Recent media coverage has followed the release of gender pay gap figures by more than 500 companies. However, this represents only a small minority of the firms that must report the figures by 4 April 2018.
Gender Pay Gap Reporting Regulations apply to employers who have 250 or more members of staff. Employers must publish certain statutory information every year which shows the pay gap between their male and female employees. The Regulations affect the voluntary and private sector. The public sector has existing separate rules.
What does the information show?
Gender pay reporting is a different from an equal pay audit which focuses on pay between men and women doing the same or similar job, or work of equal value. Paying someone less only because of their gender when the roles are the same is unlawful.
The gender pay reporting shows any difference in pay between all men and women in a workforce. This includes workers, as well as some self-employed people.
The results so far
So far, the highest differences in pay between men and women were found in Phase Eight and Easyjet where women were paid on average 64.8% and 52% lower than men.
Easyjet has explained the figures are due to the role differences between men and women. For example, only 6% of its UK pilots are women, while 69% of cabin crew are women.
Phase Eight have provided a similar explanation, that most males work in higher paid roles in the corporate head office and most women work in their retail shops. However, both companies state men and women in same roles are paid equally.
On the opposite end of the scale, the British Museum had a 0% pay gap and the armed forces had a 0.9% gender pay gap.
Do not miss the deadline
The deadline for employers to publish their gender pay audit data is 4 April 2018, while public sector organisations have to report by 30 March 2018. Employers could suffer significant consequences if they fail to comply. However, analysis from accountancy firm RSM has found that 90% of affected employers have yet to comply with their gender pay reporting requirements, with only 502 of 9,000 recently surveyed businesses stating they had already reported. This could have significant implications in terms of reputation loss and any enforcement action taken by the Equality and Human Rights Commission.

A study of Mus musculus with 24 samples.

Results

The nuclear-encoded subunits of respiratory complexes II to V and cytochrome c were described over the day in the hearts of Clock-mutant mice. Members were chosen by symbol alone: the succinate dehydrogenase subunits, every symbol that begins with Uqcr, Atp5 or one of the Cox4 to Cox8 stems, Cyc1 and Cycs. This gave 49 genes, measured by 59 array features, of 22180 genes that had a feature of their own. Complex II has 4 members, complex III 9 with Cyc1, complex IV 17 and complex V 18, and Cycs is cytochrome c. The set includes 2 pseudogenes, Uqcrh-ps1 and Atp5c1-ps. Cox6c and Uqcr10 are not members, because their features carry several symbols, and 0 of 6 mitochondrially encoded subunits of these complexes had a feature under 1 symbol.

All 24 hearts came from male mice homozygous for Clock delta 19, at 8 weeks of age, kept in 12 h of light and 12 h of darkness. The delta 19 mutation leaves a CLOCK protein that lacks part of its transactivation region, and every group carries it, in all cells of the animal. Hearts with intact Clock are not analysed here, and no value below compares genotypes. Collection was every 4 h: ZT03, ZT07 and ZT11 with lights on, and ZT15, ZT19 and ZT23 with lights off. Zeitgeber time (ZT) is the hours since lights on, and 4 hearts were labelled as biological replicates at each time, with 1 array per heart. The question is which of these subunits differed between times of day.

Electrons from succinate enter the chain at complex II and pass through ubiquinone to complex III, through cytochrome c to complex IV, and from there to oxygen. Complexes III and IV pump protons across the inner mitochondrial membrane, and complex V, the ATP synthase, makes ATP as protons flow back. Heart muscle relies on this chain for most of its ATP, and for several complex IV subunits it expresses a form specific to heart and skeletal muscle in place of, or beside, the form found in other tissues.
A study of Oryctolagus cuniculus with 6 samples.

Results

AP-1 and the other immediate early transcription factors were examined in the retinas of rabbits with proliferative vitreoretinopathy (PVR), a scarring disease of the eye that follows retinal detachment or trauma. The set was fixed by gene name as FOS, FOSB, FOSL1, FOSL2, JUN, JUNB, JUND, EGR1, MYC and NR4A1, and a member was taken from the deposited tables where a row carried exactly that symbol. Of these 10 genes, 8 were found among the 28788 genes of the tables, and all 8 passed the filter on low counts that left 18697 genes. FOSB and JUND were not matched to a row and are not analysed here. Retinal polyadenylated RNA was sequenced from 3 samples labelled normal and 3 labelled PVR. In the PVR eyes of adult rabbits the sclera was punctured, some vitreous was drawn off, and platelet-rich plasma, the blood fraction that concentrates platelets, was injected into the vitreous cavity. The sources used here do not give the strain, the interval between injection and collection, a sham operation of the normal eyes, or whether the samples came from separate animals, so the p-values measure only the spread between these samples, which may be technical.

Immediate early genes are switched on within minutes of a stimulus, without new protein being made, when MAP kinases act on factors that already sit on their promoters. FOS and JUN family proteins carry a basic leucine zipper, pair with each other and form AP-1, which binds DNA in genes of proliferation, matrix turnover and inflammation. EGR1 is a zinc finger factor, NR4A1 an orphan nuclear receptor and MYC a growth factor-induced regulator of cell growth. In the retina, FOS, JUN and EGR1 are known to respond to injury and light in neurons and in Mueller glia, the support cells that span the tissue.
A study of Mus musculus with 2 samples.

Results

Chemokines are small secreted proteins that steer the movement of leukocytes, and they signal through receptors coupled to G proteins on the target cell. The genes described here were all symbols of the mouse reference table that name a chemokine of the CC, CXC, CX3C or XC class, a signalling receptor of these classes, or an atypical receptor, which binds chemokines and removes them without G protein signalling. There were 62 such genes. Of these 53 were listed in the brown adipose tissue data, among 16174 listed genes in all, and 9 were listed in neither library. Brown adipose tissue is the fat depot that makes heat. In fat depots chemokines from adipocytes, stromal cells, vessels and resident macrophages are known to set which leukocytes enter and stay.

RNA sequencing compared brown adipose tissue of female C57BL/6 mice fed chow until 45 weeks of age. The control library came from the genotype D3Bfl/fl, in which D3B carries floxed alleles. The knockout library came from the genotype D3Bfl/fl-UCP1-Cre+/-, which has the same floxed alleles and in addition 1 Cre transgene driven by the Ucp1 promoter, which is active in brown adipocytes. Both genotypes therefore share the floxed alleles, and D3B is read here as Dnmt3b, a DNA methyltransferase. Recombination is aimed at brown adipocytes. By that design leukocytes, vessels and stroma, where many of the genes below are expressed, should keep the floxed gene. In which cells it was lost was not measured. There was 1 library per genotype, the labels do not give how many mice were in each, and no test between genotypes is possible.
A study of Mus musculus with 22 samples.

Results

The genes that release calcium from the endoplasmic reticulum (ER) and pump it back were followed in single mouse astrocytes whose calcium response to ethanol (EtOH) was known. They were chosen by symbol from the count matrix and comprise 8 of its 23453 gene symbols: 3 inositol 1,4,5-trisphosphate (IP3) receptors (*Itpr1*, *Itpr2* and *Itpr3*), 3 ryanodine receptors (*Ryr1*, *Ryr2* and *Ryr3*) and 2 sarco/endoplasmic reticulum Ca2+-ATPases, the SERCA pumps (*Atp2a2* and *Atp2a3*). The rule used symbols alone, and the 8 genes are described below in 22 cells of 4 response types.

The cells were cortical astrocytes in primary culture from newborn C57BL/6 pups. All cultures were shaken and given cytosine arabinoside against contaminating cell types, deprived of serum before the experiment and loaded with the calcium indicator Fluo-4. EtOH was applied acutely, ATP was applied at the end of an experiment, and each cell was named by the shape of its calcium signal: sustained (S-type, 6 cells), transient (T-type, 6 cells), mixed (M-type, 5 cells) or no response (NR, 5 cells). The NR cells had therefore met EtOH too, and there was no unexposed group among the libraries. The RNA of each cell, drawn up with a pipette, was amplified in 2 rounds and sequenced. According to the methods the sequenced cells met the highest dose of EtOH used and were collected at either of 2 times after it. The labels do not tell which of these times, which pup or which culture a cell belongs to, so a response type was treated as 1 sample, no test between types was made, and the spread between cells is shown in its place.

Employers should start planning to ensure they meet the reporting deadline. The report should contain the statutory information as required by the Regulations. There is an option to include a narrative with the report highlighting any actions taken to reduce the gender pay gap.
You can access the disclosed reports on gender pay gap here.
Get in touch
If you want to find out about your reporting obligations or the Gender Pay Gap Regulations, or require assistance in dealing with the publishable information, then please get in touch.